From Elizabeth Howell, offering 25 facts about our solar system that elude ready explanation: at Space.com:
Earth’s Van Allen belts are more bizarre than expected
Earth has bands of radiation belts surrounding our planet, known as the Van Allen belts (named after the discoverer of this phenomenon.) While we’ve known about the belts since the dawn of the space age, the Van Allen Probes (launched in 2012) have provided our best-ever view of them. They’ve uncovered quite a few surprises along the way.
We now know that the belts expand and contract according to solar activity. Sometimes the belts are very distinct, and sometimes they swell into one massive belt. An extra radiation belt (beyond the known two) was spotted in 2013. Understanding these belts helps scientists make better predictions about space weather, or solar storms. More.
Elewhere, Van Allen belts “stop high-energy particles in their tracks, a new study reveals.”
The new information gathered by the Van Allen Probes reveals that the inner edge of the outer belt is very sharply defined. Under normal circumstances, the fastest, highest-energy electrons cannot cross over the boundary, researchers said.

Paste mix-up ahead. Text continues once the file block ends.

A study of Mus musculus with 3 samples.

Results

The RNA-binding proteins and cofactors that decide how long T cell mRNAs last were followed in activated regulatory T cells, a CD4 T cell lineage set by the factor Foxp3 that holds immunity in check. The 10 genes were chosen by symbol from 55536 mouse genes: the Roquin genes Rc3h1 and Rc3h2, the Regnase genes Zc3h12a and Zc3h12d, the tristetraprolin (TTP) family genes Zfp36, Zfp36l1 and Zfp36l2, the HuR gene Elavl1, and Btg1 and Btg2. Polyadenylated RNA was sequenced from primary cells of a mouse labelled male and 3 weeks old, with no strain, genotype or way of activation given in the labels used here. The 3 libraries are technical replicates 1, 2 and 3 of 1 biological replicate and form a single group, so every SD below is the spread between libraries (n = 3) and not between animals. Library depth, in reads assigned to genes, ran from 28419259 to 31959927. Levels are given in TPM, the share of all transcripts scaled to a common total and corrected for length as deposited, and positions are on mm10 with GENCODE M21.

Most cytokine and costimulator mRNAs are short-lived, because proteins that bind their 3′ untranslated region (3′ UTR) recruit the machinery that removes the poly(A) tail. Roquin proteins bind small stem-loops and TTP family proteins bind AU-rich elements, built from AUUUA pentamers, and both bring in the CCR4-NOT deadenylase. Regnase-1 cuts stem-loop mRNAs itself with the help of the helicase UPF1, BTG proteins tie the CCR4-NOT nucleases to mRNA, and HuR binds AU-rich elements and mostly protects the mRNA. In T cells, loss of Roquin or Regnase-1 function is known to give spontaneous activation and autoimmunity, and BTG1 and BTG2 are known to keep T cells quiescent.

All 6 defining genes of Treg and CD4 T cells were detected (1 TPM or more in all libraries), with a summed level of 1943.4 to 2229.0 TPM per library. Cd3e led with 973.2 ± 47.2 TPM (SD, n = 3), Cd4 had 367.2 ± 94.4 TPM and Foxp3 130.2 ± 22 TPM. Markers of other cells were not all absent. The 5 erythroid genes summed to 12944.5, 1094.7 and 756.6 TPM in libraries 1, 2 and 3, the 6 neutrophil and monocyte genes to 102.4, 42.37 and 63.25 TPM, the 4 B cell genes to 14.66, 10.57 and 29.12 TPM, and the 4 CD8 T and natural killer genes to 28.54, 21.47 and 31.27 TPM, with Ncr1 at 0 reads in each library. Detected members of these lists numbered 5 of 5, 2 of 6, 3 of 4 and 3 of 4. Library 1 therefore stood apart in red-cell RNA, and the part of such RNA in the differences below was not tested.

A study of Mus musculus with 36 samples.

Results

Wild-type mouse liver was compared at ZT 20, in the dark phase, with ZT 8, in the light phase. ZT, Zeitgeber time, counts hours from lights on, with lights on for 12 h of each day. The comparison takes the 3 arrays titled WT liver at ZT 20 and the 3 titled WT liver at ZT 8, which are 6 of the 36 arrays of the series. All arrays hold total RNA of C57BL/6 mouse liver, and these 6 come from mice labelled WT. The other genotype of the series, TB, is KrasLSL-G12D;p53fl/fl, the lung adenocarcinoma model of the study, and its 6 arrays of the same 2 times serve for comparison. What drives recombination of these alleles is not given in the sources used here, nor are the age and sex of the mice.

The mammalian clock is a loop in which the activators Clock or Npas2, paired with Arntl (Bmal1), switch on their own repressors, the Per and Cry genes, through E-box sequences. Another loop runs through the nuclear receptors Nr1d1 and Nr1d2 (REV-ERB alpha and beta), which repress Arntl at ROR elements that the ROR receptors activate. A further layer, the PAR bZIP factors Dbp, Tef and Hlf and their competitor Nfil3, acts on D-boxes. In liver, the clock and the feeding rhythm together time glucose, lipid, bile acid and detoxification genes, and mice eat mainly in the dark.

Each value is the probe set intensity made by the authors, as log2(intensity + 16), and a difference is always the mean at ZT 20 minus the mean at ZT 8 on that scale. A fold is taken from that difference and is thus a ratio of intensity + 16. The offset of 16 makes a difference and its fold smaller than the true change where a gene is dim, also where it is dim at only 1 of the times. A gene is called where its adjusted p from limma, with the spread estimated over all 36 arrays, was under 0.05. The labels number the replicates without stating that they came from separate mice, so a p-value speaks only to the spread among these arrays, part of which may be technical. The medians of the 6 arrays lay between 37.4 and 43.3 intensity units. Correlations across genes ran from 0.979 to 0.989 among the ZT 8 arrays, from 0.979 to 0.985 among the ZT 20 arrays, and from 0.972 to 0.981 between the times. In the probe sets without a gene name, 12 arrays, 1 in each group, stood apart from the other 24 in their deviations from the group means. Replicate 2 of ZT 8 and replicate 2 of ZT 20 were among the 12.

“When you look at really energetic electrons, they can only come to within a certain distance from Earth,” said study co-author and Van Allen Probes mission deputy scientist Shri Kanekal, of NASA’s Goddard Space Flight Center in Greenbelt, Maryland. “This is completely new. We certainly didn’t expect that.” More. (Space.com)
You didn’t expect that?
The Van Allen belts, buried in the 25 Weird Facts at p. 19 of 27, are by far the most significant of the “weird” facts of our solar system if they help shield life—especially if they do so in an apparently complex way. As noted, at p. 7, there is water ice all over the solar system, as well as organic molecules (p. 23), but no sign of life anywhere else so far (p. 9).
Astronomers believe, we are informed at p. 9, that there could be life out there despite the fact that “So far, scientists have found no evidence that life exists elsewhere in the solar system.”(p. 9).
The implications of this problem are often missed: It seems that no evidence that Earth is an unusual planet can be taken seriously in principle. Not compared with the discovery, for example, that “Uranus has a very battered moon” (p. 20) and “Saturn has a two-tone moon” (p. 21). Why does this sound so much like copy for hair salon mags? Call it trivia creep, if you will.
See also: Ethan Siegel tackles fine-tuning at Forbes
Copernicus, you are not going to believe who is using your name. Or how.